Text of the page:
Learn where the City’s water comes from, where it goes, and how the cities are conserving water and planning for growth into the next century.
The water bank is a program that is a local, flexible, and voluntary water management tool, which allows for easier movement of water to meet farmer and river needs in times of scarcity.
This seminar will focus on current trends in the regional aquifer system and the unique connection between groundwater and surface water. Join us on October 10, 2022, in-person or online, for this important conversation. The replay will be available after the event date.
Dirty Freehub podcast host Chris Kutach has interviewed Jacob Kimiecik about the Deschutes River Conservancy’s mission as well as their work on McKay Creek to give their audience a strong connection to the area.
We’re living in a region with limited water supplies and imbalanced distribution. Water banks create flexibility in how water can be distributed to meet needs. Find out how we can use water banks in Central Oregon to enable the flexible and voluntary market-based reallocation of water, particularly during drought conditions.
Calling for volunteers with experience handling fish to help relocate stranded fish as flows in the river drop for storage season.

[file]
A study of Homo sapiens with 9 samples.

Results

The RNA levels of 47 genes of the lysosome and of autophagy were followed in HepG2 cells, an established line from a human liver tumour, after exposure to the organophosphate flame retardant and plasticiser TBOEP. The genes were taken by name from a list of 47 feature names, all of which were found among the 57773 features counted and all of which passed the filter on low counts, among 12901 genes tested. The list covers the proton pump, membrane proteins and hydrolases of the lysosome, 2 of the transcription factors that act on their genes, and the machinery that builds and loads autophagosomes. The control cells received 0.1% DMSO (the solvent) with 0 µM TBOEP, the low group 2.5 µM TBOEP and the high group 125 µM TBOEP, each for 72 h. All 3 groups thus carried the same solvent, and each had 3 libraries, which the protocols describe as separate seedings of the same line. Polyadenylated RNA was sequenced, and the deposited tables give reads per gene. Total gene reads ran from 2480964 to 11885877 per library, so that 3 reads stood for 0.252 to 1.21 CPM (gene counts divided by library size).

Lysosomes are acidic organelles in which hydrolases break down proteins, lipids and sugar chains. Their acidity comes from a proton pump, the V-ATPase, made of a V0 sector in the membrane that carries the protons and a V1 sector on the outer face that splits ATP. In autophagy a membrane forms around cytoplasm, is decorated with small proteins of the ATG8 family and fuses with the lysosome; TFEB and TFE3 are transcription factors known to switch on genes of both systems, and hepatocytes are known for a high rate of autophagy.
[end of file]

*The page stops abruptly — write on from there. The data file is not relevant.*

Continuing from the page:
On this episode of Cascade Views, Sipe sits down with the DRC’s Kate Fitzpatrick to discuss water, the DRC’s mission, and the role of the Deschutes River Conservancy in the Deschutes River Basin and Central Oregon community.
PGE has reported that 700 Spring Chinook have passed through the complex into the upper basin, a sharp increase from 180 Chinook last year. The is cause for celebration in the journey to help restore habitat, passage, and streamflow in the basin.
Do rivers have rights? Back when Oregon was developing its water laws in the early 1900s, any water that remained unused and left instream was considered wasted. Watch this seminar to understand regional water rights and how they affect water management.